Mars Rover Names New Sites In Honor Of NASA Legend Bruce Murray
[ Watch the Video: Curiosity’s Path to Mount Sharp ]
Brett Smith for redOrbit.com – Your Universe Online
NASA has named two significant landscape features observed by its Mars rovers “Murray Ridge” and “Murray Buttes,” in honor of the late planetary scientist Bruce Murray.
“Bruce Murray contributed both scientific insight and leadership that laid the groundwork for interplanetary missions such as robotic missions to Mars, including the Mars rovers, part of America’s inspirational accomplishments,” said Fuk Li, a NASA Mars Exploration program manager. “It is fitting that the rover teams have chosen his name for significant landmarks on their expeditions.”
Best known for formulating the geological history of Mars based on photographs taken by Mariner 4 in 1965, Murray was a former director of NASA’s Jet Propulsion Laboratory (JPL) in Pasadena, California.
After his stint as JPL director from 1976 to 1982, Murray became a teaching and research professor at the California Institute of Technology. While working at Caltech, Murray co-founded the Planetary Society in 1980. He died at his home in Oceanside, California on August 29, 2013 at the age of 81 due to complications from Alzheimer’s disease.
NASA’s Mars Exploration Rover Opportunity, which has been operating on Mars for nearly a decade, has been examining sites within the 14-mile-wide Endeavor crater for the past two years. The western edge of the crater, informally dubbed Murray Ridge, is an uplifted portion of the rim that rises to about 130 feet above the surrounding Martian plain.
“Murray Ridge is the highest hill we’ve ever tried to climb with Opportunity,” said Steve Squyres, the mission’s principal investigator and an astronomy professor at Cornell University.
The Opportunity rover is positioned at the rim to investigate clay mineral deposits seen from orbit and also to take advantage of a favorable slope for the rover’s solar panels during the Martian winter.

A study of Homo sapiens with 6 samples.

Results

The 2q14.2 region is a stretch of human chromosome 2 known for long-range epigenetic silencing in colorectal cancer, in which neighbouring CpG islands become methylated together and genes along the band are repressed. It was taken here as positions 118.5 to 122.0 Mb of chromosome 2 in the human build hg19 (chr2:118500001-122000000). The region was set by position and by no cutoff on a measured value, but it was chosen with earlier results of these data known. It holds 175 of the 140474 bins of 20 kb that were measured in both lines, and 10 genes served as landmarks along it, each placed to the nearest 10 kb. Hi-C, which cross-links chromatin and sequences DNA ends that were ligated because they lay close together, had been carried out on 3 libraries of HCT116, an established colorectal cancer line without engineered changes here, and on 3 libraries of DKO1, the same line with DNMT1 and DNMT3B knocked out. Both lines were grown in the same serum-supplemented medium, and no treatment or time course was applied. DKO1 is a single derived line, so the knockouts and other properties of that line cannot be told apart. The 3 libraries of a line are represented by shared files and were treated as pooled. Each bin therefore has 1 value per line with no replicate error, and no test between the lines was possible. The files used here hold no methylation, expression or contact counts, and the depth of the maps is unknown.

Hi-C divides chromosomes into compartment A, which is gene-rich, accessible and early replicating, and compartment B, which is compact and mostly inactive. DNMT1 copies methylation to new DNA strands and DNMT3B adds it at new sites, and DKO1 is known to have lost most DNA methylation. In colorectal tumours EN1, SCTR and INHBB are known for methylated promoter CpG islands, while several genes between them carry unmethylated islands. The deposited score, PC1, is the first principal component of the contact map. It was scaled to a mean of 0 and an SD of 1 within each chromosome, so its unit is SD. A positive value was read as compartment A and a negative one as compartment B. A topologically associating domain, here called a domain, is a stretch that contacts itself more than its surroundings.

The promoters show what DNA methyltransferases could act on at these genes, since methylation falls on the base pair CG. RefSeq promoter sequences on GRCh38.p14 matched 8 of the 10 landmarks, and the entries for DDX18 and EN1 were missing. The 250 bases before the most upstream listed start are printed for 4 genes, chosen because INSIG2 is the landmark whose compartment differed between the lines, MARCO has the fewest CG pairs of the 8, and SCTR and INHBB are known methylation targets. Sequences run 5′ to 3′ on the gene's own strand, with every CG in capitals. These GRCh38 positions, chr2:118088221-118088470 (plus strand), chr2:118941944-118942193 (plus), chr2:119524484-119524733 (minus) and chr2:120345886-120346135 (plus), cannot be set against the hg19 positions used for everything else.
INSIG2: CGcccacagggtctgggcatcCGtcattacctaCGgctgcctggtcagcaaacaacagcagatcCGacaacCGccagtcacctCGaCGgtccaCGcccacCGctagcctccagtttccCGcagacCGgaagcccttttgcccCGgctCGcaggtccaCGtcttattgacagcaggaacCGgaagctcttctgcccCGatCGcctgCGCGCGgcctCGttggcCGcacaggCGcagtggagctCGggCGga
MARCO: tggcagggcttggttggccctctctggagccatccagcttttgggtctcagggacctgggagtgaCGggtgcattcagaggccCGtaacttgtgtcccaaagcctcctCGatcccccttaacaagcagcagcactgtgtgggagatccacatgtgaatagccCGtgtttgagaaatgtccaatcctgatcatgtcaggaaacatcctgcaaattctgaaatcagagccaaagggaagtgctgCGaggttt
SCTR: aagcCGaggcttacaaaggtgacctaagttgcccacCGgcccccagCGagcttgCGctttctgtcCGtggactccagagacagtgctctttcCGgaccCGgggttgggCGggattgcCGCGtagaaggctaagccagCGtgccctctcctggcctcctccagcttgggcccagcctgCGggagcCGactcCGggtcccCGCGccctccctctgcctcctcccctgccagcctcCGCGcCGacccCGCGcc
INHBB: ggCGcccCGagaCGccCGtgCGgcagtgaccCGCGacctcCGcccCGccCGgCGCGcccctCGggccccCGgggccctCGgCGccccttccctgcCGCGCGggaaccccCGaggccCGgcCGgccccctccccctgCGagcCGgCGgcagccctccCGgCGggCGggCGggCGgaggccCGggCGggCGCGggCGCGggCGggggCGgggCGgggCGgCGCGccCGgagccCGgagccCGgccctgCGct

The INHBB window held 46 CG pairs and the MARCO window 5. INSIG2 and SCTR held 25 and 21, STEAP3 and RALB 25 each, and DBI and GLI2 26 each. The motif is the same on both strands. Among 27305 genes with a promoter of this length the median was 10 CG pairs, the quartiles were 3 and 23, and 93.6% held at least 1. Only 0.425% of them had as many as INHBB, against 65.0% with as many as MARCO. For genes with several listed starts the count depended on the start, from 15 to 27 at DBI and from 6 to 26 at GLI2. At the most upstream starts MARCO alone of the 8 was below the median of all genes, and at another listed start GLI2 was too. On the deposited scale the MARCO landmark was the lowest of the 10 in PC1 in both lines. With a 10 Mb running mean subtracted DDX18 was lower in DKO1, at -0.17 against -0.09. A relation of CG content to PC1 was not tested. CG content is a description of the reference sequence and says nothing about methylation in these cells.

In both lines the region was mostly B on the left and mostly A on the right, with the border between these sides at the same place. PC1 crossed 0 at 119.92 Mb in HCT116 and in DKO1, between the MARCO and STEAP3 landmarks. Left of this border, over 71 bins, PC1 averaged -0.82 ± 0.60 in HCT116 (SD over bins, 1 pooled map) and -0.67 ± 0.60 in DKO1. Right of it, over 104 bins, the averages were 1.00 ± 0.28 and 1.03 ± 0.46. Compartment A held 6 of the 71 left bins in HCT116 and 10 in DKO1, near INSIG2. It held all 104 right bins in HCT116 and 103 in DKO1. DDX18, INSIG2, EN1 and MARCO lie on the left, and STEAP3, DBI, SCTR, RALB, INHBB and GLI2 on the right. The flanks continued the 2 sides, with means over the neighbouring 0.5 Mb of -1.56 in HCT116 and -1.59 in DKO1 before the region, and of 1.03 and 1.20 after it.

“Bruce Murray is best known for having been the director of JPL, and JPL is where our rovers were built,” Squyres said. “He led JPL during a time when the planetary exploration budget was under pressure and the future for planetary missions was not clear. His leadership brought us through that period with a strong exploration program. He was also a towering figure in Mars research. His papers are still cited abundantly today.”
Meanwhile, the Curiosity rover is currently driving to the base of the 3-mile-high Mount Sharp. A group of small, steep-sided bluffs – which the NASA team dubbed Murray Buttes – sit at the base of the mountain. The knobby outcroppings rest in a space between dark sand dunes at the foot of the mountain. Because deep sand is hazardous for the rover, NASA plans to use this gap in the dunes as an access route to the mountain.
“We’ll be going right by these buttes when we shoot the gap in the dunes,” said Ken Herkenhoff, a member of the Curiosity team and an astrogeologist at the US Geological Survey in Flagstaff, Arizona. “It will be a visually intriguing area for both the science team and the public. I think it will look like a miniature version of Monument Valley in Utah.”
“Bruce Murray was a sedimentologist, so the sedimentary rocks we expect to see at Murray Buttes would have been especially interesting for him. He would have loved this,” he added.